God Doesn't Keep Jews in a Pickle Jar
David Brickner

David Brickner

This is part three of a four-part discussion between Bethlehem Baptist Church pastor John Piper and Jews for Jesus executive director David Brickner on the relationship and attitudes American Christians should have toward Israel. See Brickner's initial letter and Piper's first response.

Dear John,

Thank you for your insightful comments on a number of the issues brought up in my first letter to you, many with which I happily agree. We both uphold the need and priority of Jewish evangelism as integral to world mission. We both affirm the ongoing election of Israel (the Jewish people) and God's faithfulness to his covenant people and his promises. We both look forward to the second coming of Jesus and his glorious restoration of all things, including his people Israel. I do want to take issue with two of your comments before voicing my main concern.

To your assertion that the Abrahamic covenant is conditional, I will simply quote my friend and teacher Walter C. Kaiser Jr.: "Promise and blessing still precede the command to obey and to keep the commands of God. Obedience is no more a condition for Abraham than it is for the church living under the command 'If you obey my commands, you will remain in my love' (Jn. 15:10) or 'If you love me, you will obey what I command' (Jn. 14:15)."

Second, I read the context of 1 Corinthians 3 as primarily referring to boasting about different human leaders. It does an injustice to the text to take Paul's hyperbole to then relate to Israel's covenant promise concerning the Land. This results in minimizing the particularity of Israel's election in the midst of the universality of the nations' eschatological ingathering. You are taking away with one hand what you give with the other—when Israel gets all, she actually gets nothing. (Regardless of whether she may, as you point out, end up in the land that was promised.)

However, these disagreements are secondary to my concern over an ongoing problem in the church today. Christians often have a great depth of theological understanding regarding Israel in the past. Many also have a keen interest and firm convictions regarding Israel in the future. Yet when it comes to present-day Israel it seems biblical thinking often takes a back seat to political expedience on both sides of the current conflict.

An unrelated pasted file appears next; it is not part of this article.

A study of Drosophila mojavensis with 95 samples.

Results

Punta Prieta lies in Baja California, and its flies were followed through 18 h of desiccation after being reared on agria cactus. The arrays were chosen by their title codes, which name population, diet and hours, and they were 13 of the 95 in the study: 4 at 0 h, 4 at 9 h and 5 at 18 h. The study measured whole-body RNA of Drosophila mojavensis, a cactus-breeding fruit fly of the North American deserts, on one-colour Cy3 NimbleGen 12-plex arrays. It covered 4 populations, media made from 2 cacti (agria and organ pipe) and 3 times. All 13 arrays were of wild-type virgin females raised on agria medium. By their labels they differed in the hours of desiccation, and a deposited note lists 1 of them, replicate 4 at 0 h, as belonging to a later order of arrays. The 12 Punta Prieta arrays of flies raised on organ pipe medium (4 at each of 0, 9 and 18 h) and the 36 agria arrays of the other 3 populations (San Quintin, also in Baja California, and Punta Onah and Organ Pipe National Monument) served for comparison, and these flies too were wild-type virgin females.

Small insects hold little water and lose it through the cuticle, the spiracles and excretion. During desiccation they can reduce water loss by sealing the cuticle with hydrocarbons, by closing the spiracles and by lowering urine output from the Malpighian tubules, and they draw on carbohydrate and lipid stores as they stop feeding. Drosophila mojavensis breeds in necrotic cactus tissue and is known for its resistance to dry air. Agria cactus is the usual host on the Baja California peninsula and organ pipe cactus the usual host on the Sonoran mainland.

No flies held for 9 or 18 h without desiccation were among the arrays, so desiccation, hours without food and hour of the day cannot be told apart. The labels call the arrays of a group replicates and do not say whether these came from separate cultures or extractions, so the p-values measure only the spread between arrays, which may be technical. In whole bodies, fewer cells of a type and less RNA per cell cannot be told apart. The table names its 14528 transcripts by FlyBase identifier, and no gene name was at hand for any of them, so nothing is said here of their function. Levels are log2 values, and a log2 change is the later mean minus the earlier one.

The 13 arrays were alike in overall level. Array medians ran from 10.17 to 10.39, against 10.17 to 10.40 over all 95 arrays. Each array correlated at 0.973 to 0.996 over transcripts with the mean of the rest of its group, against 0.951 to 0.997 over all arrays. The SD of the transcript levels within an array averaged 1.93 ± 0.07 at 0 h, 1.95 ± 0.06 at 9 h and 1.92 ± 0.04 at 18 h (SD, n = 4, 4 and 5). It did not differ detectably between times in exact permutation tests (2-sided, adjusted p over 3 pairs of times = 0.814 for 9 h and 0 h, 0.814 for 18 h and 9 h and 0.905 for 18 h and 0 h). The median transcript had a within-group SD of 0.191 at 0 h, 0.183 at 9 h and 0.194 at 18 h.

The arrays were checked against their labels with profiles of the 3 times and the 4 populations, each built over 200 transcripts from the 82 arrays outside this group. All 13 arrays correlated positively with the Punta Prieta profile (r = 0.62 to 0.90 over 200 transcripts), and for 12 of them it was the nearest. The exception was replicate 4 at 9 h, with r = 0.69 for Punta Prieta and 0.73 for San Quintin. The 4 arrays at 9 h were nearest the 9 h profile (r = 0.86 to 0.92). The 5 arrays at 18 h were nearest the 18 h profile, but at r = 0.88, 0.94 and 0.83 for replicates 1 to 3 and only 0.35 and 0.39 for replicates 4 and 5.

Christians today desperately need an informed theology concerning present-day Israel. I don't see where your recent response addressed my point concerning the remnant today and the implications of the growing number of Israeli believers in Jesus. Although I know you didn't intend this, your quote from Ryle that "they are reserved and preserved" makes it sound like we are in a pickle jar kept on a shelf somewhere! No. The apostle Paul insisted, "God has not rejected his people whom he foreknew." "Not rejected" does not mean he has shunted them off to the side for use at a later time. Israel today is marvelous evidence of God's continuing covenant faithfulness, his amazing sovereignty over world affairs, and the great power of his mercy despite human disobedience. The remnant in existence today is also "chosen by grace."

The birth of the modern state of Israel did not occur in a vacuum but sprang from the ashes of the Holocaust, where one third of the Jewish people were systematically annihilated simply because they were Jews. Evangelicals need to think more deeply about the implications of the Holocaust and its connection to Israel today. I believe Israel is in possession of the Land today by divine mercy, a mercy flowing out of the horrors of the Holocaust and to the ultimate defeat of all other efforts at Jewish genocide past and present. This can only be the hand of God in history despite Israel's current unbelief. Present day anti-Semitism is proof that Israel remains at the nexus of the cosmic conflict between God, who keeps his promises, and Satan, who wants to make God a liar. We shouldn't allow history to interpret the Bible, but we must allow the Bible to speak to recent and current history, not just ancient history and the future.